Ptarmigan Tunnel Trail
Unique view trail through Ptarmigan Tunnel
- Ptarmigan Tunnel Trail
5.3 miles elevation gain 2,300 feet
After Ptarmigan Falls, Iceberg Lake Trail & Ptarmigan Tunnel Trail split.
Ptarmigan Tunnel Trail is not usually crowded.
This trail is more difficult then the Grinnell Glacier Trail.
No Shuttle Service
A slow hiker's guide™ to Glacier National Park Wildflowers
Whitefish Pilot article on my Wildflower Guide.
Always check the status of the Tunnel Doors before starting on this trail. With the budget cutbacks you can no longer rely on Glacier Parks Trail Status Page, another gift from Congress. There is a Ranger Station located across from the entrance to the Many Glacier campground they are open from 7 am to 5 pm every day. If the Ranger Station is closed for the season than the tunnel will also be closed. Tunnel usually opens mid to late July. The hike is not worth the effort when the tunnel is closed.
This is a great view hike but is much more difficult than the Iceberg Lake Trail which it shares the first half of the trail with until just after Ptarmigan Falls.
The view on the far side of the tunnel is worth the hike
Ptarmigan Tunnel Trail is one of those trails that I will hike again and again. It is a tough trail, but it is worth it. Words cannot express the feeling you get after coming out of tunnel into the Belly River Valley.
Ptarmigan Tunnel Trail shares the first half of it's trail with the Iceberg Lake Trail. Iceberg Lake Trail is a heavily traveled trail with a moderate ascent, Ptarmigan Tunnel Trail after the split from Iceberg Lake Trail, starts going up! Eventually you arrive at Ptarmigan Lake located at the base of Ptarmigan Wall. Before the trail reaches Ptarmigan Lake it comes to a series of small, scenic falls. If you are lucky the shoreline will be covered with wildflowers. The lake is a good place to rest as the next part of the trail is up a steep scree slope. Big Horn Sheep can often be seen on these slopes. the first time I hiked to Ptarmigan Tunnel there were Big Horn ewes on the slope, luckily I made it to the far side of the tunnel before a small group on horseback made it to the tunnel. This was actually the first time that I had encountered a private group on horseback in Glacier Park. In Yellowstone it is a fairly common occurrence.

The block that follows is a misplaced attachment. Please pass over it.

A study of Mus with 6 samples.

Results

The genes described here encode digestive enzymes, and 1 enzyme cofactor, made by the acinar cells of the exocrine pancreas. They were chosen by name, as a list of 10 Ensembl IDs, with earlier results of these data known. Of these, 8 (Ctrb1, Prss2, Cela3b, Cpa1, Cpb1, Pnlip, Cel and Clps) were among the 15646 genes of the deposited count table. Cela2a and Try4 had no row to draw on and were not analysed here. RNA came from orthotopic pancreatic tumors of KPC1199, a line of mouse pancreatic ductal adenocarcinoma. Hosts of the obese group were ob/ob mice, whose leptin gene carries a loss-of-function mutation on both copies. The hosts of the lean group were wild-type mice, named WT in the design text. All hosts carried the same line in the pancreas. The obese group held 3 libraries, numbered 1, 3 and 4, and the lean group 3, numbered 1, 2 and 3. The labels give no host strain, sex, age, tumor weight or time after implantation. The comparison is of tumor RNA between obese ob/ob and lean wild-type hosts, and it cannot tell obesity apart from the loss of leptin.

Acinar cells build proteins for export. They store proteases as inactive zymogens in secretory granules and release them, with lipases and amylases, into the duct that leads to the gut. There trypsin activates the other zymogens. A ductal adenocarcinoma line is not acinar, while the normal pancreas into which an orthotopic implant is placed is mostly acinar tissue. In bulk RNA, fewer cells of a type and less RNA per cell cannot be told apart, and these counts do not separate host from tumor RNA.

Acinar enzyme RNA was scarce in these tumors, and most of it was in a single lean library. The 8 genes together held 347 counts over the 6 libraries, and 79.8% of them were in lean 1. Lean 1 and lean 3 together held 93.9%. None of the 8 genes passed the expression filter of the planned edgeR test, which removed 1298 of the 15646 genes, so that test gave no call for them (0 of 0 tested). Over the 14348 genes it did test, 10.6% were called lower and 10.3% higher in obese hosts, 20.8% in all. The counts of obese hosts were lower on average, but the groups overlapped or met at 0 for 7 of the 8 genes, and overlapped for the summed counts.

There can be snow cover in late July on this trail. From Ptarmigan Lake the trail starts up a series of switch backs on a scree slope. I was unable to see the tunnel from the lake, your eyes may be better then mine. The first time I did this trail I was very lucky to have several able body hikers, including my future son-in-law who had just climbed Denali. Once again I was carrying too much camera gear, so I grabbed onto my son-in-law's backpack when we got to the scree slope. When it got really bad one of my daughters would push while he pulled. It was worth the effort! From Ptarmigan Lake to the tunnel is a mass of broken rock that has over the centuries flaked off Ptarmigan Wall forming a talus slope. After passing through the tunnel you are on a trail which was carved out of the side of the mountain, providing your first view of the Belly River Valley and Elizabeth Lake. After walking down the trail from the tunnel a short distance you can see the Old Sun Glacier off to the northwest.